Tragic news about the United States economic atmosphere has been inescapable throughout the country and world for quite some time now. With constant debate over raising the debt ceiling, shocking losses in the stock market, devastating unemployment rates, and a downgraded national credit rating, it’s no wonder the country’s economic health has been in question. After a series of blows to the U.S.’s economic wellbeing, things don’t seem to be getting much better. The country’s credit rate fall has been of great discussion ever since Standard and Poor’s downgraded it by a full point on Monday, August 8th 2011. To add to the blow, the U.S. stock exchange ended the day that Monday down more than 600 points.
Standard and Poor’s downgraded the United States’ national credit rating from AAA to AA+ (a full point down) in light of the recent Budget Control Act of 2011. This act, passed by congress on August 2nd, responds to the recent drama over raising the national debt ceiling. The act raises the debt limit initially by $400 billion and makes several other increase provisions for the future. However, Standard and Poor’s downgraded the U.S. because they say the deficit reduction plan passed by Congress does not go far enough. With a score of AA+, the U.S.’s investment grade is described as high quality, with very low credit risk, but more susceptible to long-term risks. Specialists worry that the downgrade could negatively impact investors’ confidence in the world’s largest economy (as it should).
The question now is what will the Standard and Poor’s downgrade mean for the United States economy? Standard and Poor’s is a financial services company operating in the United States with well known stock market indices in the U.S., Australia, Canada, Italy, and India. Importantly, Standard and Poor’s is one of the three major credit-rating agencies in the United States alongside Moody’s Investor Service and Fitch Ratings. These credit-rating agencies issue credit ratings for the debt of both public and private corporations. Standard and Poor’s, alongside the two others, have been designated by the U.S. Securities and Exchange Commission as a nationally recognized statistical rating organization. Standard and Poor’s gives long-term credit ratings on a scale from AAA (as the highest rating) to D (as the lowest rating). These credit ratings are used to inform lenders about how reliable and stable those particular borrowers may be.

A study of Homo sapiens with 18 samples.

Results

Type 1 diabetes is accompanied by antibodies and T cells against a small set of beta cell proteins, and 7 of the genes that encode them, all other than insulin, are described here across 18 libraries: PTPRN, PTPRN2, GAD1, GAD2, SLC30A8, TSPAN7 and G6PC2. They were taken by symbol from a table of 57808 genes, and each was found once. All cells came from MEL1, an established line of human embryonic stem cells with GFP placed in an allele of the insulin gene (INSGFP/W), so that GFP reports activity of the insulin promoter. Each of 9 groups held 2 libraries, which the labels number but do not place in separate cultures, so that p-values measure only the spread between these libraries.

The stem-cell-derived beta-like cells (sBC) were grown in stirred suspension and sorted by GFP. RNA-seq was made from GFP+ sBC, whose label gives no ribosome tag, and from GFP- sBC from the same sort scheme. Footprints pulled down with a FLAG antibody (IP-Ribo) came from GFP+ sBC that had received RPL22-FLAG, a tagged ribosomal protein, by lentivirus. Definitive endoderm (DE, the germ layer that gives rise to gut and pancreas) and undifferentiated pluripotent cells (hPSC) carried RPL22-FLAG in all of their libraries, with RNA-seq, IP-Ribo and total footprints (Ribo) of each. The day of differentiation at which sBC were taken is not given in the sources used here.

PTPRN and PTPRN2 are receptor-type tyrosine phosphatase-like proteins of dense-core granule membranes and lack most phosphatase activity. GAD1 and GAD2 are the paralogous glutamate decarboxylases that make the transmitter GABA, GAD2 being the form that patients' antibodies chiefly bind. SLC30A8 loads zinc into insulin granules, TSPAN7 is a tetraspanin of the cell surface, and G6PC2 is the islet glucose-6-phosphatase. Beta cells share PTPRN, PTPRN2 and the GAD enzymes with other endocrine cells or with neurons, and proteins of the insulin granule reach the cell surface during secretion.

So, what comes next? Reports state that the other two major credit-rating agencies, Moody’s and Fitch, have no plans to follow Standard and Poor’s example. While losing its triple A rating for the first time in history is a significant blow to President Obama and the United States government, it should not necessarily have come as a huge surprise. The country’s economy has been sloping downward for some time now. With unemployment at over 9%, significant debt, feuding governmental parties, and the threat of a double dip recession, the United States may need to shake off the shell shock of losing their top credit status and work harder to fix it for the future.
Stella Walker is a freelance writer of credit score where she writes about topics including credit, debt, investment, bankruptcy.